Pakistan made “meager progress” in dismantling terrorist organizations and continued to face terrorist financing risks in 2021, according to a newly released report from the U.S. Bureau of Counterterrorism.

The report, released on Monday, revealed that Pakistan experienced numerous terrorist attacks in 2021, with members of religious minorities facing substantial threats from terrorist groups (pdf).

“The number of attacks and casualties was higher than in 2020,” the report states. “Separatist militant groups conducted terrorist attacks against varied targets in Balochistan and Sindh provinces.”

Pakistan’s major terrorist groups include Tehreek-e-Taliban Pakistan (TTP), Balochistan Liberation Army (BLA), and Islamic State Khorasan Province (ISIS-K). They used various tactics to attack targets, including suicide bombings and targeted assassinations.

The report listed five attacks in Pakistan in 2021, including one incident on Dec. 30, 2021, in which attackers ambushed security officials in North Waziristan. TTP claimed responsibility for the attack that killed four security officials.

Pakistan took steps in 2021 to counter terror financing and restrain India-focused militant groups. The government also revised its 2015 National Action Plan to combat terrorism, but terrorist financing risks persisted.

“Pakistan continued to face significant money-laundering and terrorist financing risks,” the U.S. bureau stated in its report.

“Several terrorist organizations, including U.N.-listed groups, operated in Pakistan, raising funds through a variety of means, including direct support, public fundraising, abuse of non-profit organizations, and through criminal activities,” the report stated.

“Funds were moved through formal and informal channels. Pakistan’s geographic landscape and porous borders increase its vulnerability to terrorist financing and heighten Pakistan’s risks,” the bureau added.

In 2018, the Financial Action Task Force (FATF)—a global money laundering and terrorist financing watchdog—identified Pakistan as a jurisdiction with strategic deficiencies and added it to the FATF gray list, which subjected Pakistan to greater FATF scrutiny.

While Pakistan has made significant progress in addressing its strategic deficiencies, the FATF retained its position on the gray list due to an outstanding issue involving the investigation and prosecution of terrorist financiers, according to the U.S. report.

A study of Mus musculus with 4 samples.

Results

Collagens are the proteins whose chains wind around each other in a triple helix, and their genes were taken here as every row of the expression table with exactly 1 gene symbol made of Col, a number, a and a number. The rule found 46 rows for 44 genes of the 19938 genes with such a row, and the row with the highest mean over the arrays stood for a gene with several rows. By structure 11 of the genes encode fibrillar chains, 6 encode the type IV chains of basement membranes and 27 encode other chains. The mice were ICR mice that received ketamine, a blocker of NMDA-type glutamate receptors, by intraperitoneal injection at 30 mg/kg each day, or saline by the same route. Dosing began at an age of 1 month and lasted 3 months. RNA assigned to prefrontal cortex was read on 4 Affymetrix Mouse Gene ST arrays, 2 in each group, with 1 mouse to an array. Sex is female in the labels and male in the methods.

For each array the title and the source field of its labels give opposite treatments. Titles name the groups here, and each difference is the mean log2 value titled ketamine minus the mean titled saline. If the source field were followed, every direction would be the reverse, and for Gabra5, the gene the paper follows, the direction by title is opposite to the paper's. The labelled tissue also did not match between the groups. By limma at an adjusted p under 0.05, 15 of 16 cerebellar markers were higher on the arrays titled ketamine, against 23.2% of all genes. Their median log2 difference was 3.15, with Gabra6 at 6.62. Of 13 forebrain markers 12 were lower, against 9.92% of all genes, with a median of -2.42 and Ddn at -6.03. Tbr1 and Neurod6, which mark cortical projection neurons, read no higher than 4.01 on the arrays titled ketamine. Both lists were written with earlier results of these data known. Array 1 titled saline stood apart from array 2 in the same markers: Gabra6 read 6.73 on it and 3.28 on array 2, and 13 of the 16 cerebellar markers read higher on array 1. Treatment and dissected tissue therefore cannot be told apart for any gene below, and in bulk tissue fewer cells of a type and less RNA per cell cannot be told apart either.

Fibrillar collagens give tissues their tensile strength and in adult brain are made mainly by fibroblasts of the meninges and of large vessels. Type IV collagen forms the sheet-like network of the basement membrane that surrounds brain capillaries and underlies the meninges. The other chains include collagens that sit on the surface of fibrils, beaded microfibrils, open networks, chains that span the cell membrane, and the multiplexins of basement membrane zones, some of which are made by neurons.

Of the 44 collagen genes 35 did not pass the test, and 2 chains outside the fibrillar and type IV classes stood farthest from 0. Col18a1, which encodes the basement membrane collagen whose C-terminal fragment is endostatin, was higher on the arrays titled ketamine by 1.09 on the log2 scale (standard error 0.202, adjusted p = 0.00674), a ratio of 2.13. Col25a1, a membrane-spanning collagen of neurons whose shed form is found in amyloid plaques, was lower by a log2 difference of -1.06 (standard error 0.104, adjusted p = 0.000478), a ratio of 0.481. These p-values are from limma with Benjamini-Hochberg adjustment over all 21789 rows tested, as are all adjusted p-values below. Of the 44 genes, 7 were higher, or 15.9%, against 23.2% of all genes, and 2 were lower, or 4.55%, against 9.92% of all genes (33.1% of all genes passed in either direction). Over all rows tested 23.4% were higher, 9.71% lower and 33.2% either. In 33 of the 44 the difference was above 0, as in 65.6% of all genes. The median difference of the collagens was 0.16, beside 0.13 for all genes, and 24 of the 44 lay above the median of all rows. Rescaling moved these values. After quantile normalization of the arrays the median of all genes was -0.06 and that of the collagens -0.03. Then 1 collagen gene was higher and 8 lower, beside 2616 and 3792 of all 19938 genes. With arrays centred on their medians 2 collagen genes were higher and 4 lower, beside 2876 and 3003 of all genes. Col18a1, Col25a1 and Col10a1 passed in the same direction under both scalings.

Terrorism in Pakistan Escalates

The Taliban’s return to power in Afghanistan in 2021 also had an adverse impact on Pakistan’s national security.

The anti-Pakistan insurgent group TTP, also known as the Pakistani Taliban, launched fresh attacks in early 2023 while Pakistan grappled with a financial crisis.

On Feb. 17, seven people—including three militants—were killed and 18 people were injured in an attack on Karachi police, Geo News reported. Another blast on a train on Feb. 16 killed two people and injured several, according to The Times of India.

The deadliest attack occurred during prayers in a mosque in Peshawar on Jan. 30, killing 103 and injuring 200.

Pakistan attack
Rescue workers examine a damaged portion at the site of a suicide bombing after authorities finished the rescue operation in Peshawar, Pakistan, on Jan. 31, 2023. (Muhammad Sajjad/AP Photo)

January was Pakistan’s deadliest month for terrorism in five years, The Medialine reported.

During the past three months, the Pakistani Taliban and its members have conducted 160 attacks, killing hundreds, according to a report by the International Forum for Rights and Security, a Toronto-based think tank.

Economy Crisis

Pakistan is facing one of its worst economic crises amid dwindling foreign reserves. In 2022, the Pakistani economy grew by only 2 percent, while its foreign reserves held by its central bank currently stand at $3.1 billion, which is not enough to cover one month of exports.

The country’s government held 10 days of intensive talks with the International Monetary Fund (IMF) from Jan. 31 to Feb. 9, but could not reach a deal.

Pakistan’s critically low U.S. dollar reserves have forced it to ban imports of essential food and medicine until the IMF offers it a bailout. Meanwhile, Pakistani industries such as steel, textiles, and pharmaceuticals are almost dysfunctional, with many businesses closing down. Experts fear a massive, never-before-seen rise in poverty and unemployment.

“Pakistan is on the verge of economic default and at the same time facing one of the worst surges in Islamist terrorism. Young professionals are leaving the country in record numbers. Those who are staying behind are pessimistic about the future of Pakistan. It’s a terrible time for 220 million Pakistanis,” Adnan Aamir, a journalist working in Pakistan, told The Epoch Times in an email for a previous report.

Aggravating the crisis are natural disasters that have wreaked havoc. Extensive floods in 2022 not only killed 1,700 people but decimated agriculture and livestock and wrecked over a million homes, 24,000 schools, and 1,500 public health facilities across 72 districts of the country.

Fifteen million people needed flood assistance, while 9 million people were pushed into monetary poverty by the floods, according to UNICEF.

Venus Upadhayaya contributed to this report.